CDC releases data on vehicular deaths in the U.S. and offers solutions that can reduce rates.


 

The U.S. has more motor vehicle crash deaths than do other high-income countries. Iin fact, the rate in the U.S. is roughly double the nearest countries in line: 10 deaths per 100,000 people, vs 5 to 6 in New Zealand, Canada, and France.

About one-third of deaths are due to drunk driving, and speeding contributes to another third. More than 9,500 of the deaths were due to passengers not using seat belts, car seats, or booster seats. Seat belts saved 12,500 plus lives in 2013, the CDC says, but about half of drivers or passengers who died in crashes weren’t buckled up. By contrast, 99% of drivers and passengers use front seat belts in France, and the average of the 19 countries studied is 94%—vs 87% in the U.S.

Although U.S. crash deaths fell 31% between 2000 and 2013, losing 90 people a day to crashes is still far too high, says the CDC. According to a Vital Signs report, more than 18,000 of the 32,000 lives lost each year could be saved if the U.S. took some safety tips from the other countries, the report says. Enforcing seat belt laws that cover everyone in every seat would be a good step, for instance. As would redefining blood alcohol concentration (BAC) limits—all the comparison countries use BAC levels at 0.02% to 0.05%, vs 0.08% in the U.S., Canada, and the United Kingdom. The report also urges using advanced engineering and technology, such as ignition interlocks for people convicted of drunk driving.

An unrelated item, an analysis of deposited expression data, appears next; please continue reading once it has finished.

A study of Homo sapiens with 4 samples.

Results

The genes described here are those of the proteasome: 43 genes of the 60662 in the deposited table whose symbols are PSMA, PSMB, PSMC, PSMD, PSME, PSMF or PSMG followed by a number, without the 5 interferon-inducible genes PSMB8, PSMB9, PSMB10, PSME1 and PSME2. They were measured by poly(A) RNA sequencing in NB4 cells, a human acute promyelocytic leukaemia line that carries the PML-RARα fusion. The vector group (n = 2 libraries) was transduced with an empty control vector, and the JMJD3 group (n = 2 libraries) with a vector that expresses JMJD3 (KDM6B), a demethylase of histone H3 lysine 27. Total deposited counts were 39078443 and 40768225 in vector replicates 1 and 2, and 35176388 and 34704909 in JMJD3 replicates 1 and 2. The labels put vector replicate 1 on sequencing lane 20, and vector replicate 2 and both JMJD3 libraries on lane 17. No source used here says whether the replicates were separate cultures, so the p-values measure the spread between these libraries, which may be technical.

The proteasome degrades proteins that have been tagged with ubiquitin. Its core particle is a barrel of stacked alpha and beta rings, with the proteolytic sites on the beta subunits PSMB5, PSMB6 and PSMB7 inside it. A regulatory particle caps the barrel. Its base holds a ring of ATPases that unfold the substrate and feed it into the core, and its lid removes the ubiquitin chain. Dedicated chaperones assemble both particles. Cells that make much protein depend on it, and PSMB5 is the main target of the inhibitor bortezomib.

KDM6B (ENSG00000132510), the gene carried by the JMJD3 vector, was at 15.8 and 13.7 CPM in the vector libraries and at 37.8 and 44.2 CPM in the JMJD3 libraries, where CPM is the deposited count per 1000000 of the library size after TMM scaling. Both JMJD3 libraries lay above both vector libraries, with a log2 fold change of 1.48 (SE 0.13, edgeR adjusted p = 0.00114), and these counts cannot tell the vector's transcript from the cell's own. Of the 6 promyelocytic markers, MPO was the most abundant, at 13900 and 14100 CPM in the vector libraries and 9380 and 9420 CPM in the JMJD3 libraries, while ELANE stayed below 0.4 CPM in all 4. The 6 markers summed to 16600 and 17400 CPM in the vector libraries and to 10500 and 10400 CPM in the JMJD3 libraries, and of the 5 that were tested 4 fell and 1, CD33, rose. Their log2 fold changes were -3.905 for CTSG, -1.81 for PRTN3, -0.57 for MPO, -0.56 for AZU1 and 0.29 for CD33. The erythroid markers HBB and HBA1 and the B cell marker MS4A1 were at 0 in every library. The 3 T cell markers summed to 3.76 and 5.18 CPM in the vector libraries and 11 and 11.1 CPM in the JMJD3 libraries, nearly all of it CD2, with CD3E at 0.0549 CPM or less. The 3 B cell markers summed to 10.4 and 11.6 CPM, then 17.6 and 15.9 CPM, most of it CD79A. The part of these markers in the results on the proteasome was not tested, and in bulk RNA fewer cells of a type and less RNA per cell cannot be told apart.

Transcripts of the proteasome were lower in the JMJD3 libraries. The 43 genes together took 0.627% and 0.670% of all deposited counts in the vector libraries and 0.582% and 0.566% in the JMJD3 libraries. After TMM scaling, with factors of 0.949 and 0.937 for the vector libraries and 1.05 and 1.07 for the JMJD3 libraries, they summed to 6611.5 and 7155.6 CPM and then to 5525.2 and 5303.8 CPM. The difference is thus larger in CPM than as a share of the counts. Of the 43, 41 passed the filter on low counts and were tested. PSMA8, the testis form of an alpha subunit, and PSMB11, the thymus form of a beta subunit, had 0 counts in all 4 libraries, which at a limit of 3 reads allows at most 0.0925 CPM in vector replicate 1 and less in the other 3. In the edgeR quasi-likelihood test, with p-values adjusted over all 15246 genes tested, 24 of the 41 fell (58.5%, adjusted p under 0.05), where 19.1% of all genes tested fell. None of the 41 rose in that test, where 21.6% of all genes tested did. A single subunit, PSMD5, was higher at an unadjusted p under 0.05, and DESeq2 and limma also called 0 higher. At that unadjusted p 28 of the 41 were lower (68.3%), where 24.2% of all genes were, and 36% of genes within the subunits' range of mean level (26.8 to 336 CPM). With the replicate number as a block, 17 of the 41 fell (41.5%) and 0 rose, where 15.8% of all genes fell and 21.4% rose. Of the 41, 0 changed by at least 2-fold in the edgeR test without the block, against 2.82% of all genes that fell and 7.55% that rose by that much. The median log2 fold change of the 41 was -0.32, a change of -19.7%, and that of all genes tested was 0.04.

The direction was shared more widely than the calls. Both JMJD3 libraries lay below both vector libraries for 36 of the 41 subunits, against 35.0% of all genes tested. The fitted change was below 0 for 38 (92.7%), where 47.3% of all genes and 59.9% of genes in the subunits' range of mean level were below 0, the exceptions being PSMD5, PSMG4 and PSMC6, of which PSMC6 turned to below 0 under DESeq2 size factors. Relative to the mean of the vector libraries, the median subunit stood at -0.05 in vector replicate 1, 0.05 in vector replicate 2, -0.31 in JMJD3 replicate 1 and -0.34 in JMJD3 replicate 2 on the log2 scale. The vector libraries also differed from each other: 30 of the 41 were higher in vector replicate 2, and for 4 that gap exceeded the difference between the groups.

In the meantime, the CDC says, health care providers can help by reminding patients about using a seat belt on every trip, no matter how short; counseling parents on age- and size-appropriate seats for children; talking to patients about the dangers of impaired driving and “distracted” driving (eg, using cell phones or texting); and giving parents and caregivers of teens resources on safe teen driving.